National Museum of Scotland’s PCS Branch Chair, and Assistant Branch Secretary Alex Lawrie talks about why young people need to understand the important of class warfare.
I recently had a chat with a fellow Young Member regarding the issue of the Scottish Independence Referendum. I happened to pose the issue of where the working classes featured in this whole debate. Their reply?
‘You always go on about this ‘class’ thing. I don’t like to think of people in different classes as it makes it seem that some people are better than others, and that one class is better than another. I’m not in any class.’
Sadly this wasn’t based on Socialist or even Anarchist concepts of a post-revolutionary classless society, but a reiteration of an idea that permeates through the mainstream media. Unleashed by Thatcher and promulgated by its offspring New Labour the idea is quite simple – ‘we are all middle class now’. The working class is dead, those left behind have degenerated into benefit cheats. It shouldn’t have surprised me really. It reminded me of an incident that took place when I was at a university tutorial group:
‘My Dad still claims to be working class, but I mean all of us here are middle class really’
I didn’t dispute it at the time – I was in open mouthed shock, and I’ve regretted not challenging it ever since. Then I went and told one of my friends and they retorted:
‘But you are not working class! You speak properly and listen to Radio 4. Working class people are all on benefits and stuff’
It really was like something out of a dystopian novel. Apparently if you took an interest in the ancient world, liked to read books, or listened to debates on the radio you were thereby baptised as middle class – the working class residue was washed away. Welcome to civilization – we have balsamic vinegar on tap!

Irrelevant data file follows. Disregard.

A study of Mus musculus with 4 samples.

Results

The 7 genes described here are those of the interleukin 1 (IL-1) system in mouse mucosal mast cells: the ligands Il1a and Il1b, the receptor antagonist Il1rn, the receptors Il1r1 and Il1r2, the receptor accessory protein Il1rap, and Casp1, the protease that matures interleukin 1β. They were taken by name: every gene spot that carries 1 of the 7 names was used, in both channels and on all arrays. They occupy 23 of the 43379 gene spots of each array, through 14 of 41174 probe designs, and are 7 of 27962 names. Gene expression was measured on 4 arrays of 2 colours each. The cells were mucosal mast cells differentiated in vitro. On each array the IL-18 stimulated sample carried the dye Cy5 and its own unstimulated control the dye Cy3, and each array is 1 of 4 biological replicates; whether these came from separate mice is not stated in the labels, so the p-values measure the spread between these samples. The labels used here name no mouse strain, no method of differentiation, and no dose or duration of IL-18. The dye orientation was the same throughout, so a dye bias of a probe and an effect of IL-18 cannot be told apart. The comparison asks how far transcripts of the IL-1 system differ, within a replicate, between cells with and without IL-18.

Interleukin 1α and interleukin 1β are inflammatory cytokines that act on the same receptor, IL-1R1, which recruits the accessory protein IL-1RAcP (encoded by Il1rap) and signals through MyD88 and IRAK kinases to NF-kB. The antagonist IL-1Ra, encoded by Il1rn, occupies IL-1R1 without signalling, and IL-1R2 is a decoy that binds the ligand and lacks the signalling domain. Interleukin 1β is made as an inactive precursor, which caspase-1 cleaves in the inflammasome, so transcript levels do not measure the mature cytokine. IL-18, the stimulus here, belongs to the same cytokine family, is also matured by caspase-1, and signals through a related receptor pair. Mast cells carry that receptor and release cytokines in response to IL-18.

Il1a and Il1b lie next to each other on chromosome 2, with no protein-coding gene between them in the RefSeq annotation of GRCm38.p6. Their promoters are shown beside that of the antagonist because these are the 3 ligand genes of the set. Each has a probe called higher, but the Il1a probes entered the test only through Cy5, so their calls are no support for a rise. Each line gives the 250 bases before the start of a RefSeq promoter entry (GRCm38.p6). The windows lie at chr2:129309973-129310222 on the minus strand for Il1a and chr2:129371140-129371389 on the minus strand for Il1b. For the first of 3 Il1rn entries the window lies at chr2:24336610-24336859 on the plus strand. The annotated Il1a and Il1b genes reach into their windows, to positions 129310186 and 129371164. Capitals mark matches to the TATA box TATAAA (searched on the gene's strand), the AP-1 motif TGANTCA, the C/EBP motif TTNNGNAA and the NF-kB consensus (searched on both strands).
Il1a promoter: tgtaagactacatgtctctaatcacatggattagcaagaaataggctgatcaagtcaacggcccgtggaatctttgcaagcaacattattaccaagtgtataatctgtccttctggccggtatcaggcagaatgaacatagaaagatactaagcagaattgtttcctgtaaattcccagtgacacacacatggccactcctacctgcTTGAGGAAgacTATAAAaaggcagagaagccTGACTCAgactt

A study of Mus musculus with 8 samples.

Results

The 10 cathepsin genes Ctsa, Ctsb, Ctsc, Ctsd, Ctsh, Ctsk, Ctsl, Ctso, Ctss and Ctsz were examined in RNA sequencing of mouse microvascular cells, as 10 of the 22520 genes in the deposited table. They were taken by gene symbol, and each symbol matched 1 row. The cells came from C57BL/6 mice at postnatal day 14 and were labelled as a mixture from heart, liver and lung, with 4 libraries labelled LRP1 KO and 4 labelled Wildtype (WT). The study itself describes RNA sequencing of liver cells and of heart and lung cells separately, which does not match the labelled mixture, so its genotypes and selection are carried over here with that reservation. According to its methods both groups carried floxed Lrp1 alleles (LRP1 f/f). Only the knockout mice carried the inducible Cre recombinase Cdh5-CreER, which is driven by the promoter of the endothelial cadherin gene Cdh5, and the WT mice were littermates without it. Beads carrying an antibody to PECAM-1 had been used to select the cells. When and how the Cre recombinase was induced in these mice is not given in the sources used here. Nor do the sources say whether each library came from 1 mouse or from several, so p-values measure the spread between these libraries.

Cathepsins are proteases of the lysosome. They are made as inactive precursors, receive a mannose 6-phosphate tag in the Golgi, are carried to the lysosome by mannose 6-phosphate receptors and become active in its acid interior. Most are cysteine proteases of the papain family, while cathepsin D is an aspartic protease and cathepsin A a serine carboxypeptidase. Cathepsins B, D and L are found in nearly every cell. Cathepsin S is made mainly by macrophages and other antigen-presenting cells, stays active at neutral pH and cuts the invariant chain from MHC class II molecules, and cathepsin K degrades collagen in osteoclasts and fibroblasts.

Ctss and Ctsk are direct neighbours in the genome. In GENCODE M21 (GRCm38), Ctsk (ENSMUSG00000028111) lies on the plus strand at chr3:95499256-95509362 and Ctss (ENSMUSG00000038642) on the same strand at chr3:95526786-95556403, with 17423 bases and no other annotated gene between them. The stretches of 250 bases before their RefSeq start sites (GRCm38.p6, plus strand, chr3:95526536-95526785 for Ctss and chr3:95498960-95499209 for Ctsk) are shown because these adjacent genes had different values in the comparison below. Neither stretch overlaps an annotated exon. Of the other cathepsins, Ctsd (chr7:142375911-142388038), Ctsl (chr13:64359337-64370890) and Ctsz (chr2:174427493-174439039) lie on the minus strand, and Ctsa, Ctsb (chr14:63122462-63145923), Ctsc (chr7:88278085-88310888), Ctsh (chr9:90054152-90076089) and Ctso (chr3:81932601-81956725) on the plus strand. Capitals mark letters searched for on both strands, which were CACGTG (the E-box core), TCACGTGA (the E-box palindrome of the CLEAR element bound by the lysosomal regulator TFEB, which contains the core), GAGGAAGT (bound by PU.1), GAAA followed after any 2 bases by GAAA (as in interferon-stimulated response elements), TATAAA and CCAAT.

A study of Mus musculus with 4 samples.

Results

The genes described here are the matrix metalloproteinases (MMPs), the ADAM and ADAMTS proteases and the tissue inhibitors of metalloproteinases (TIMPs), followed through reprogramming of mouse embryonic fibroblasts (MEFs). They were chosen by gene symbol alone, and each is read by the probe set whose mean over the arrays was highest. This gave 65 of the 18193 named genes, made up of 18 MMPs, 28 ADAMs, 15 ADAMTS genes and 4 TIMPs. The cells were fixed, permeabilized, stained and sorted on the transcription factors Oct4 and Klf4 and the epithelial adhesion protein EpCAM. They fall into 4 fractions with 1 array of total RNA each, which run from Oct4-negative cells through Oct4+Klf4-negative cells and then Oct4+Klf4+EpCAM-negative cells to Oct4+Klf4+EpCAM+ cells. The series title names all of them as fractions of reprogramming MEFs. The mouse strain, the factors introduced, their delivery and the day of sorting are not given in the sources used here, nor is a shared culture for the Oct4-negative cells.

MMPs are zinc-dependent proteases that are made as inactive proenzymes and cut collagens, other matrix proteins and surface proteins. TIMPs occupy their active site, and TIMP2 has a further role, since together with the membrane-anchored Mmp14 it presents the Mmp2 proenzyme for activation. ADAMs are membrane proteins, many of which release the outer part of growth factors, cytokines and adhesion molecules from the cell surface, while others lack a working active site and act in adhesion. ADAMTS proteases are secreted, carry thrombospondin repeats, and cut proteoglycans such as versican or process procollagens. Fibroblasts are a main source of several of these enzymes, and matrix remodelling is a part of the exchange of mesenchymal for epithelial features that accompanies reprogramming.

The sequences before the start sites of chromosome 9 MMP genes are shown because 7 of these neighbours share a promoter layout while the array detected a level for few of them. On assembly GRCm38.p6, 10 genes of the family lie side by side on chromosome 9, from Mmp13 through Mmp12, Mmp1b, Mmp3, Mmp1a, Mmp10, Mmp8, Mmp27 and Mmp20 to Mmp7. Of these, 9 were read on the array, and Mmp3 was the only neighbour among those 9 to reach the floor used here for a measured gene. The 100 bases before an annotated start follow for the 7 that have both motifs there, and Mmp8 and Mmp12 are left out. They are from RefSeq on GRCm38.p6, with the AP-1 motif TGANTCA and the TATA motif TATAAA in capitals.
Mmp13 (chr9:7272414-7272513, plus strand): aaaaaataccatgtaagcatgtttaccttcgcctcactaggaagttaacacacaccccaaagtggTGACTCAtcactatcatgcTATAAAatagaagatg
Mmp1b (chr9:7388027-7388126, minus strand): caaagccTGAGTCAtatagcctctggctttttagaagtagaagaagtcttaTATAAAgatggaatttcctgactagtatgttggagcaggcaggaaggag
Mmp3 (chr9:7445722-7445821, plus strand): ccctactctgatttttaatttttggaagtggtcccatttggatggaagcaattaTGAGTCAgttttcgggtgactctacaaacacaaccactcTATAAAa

The post-Thatcherite world brought about not only the hammering of the Unions, but saw the insertion of this damaging myth. The working class is gone. It never existed. Now go buy your ipad, and join the privileged in society. Slowly and subtly it has grown alongside rampant consumerism to make the concept a relic to go along with that old trope of ‘Union Dinosaurs’. Young people are particularly vulnerable to this because Unions are rarely talked about in a positive light on TV and radio, and even amongst working families like my own Trade Unions are seen as something of the past. They couldn’t be more wrong.
The main problem lies in the fact that the powerful in our society never forgot about class war – they just made sure you forgot. As Warren Buffet famously said, ‘There’s class warfare, all right, but it’s my class, the rich class, that’s making war, and we’re winning.’
Just look beyond your ipad and the other trinkets for a minute and see what is happening around you – for at least the last 25 years the government has been incessant in its attacks on the Trade Union movement. The latest attempt to take away Check Off is a direct attack on our own PCS Union and its members. They want to cut you off from one of the last entities that can help you fight to preserve your terms and conditions and to protect jobs.
If you have no capital, no property, and work for someone else then you are a member of the working class. You can pretend that class doesn’t matter, but class warfare is happening regardless. You are right in the middle of it. Look at how bankers’ bonuses soar whilst everyone else is given pay cut after pay cut to pay for their mistakes. They are out to get you, and they will unless you join up and fight back!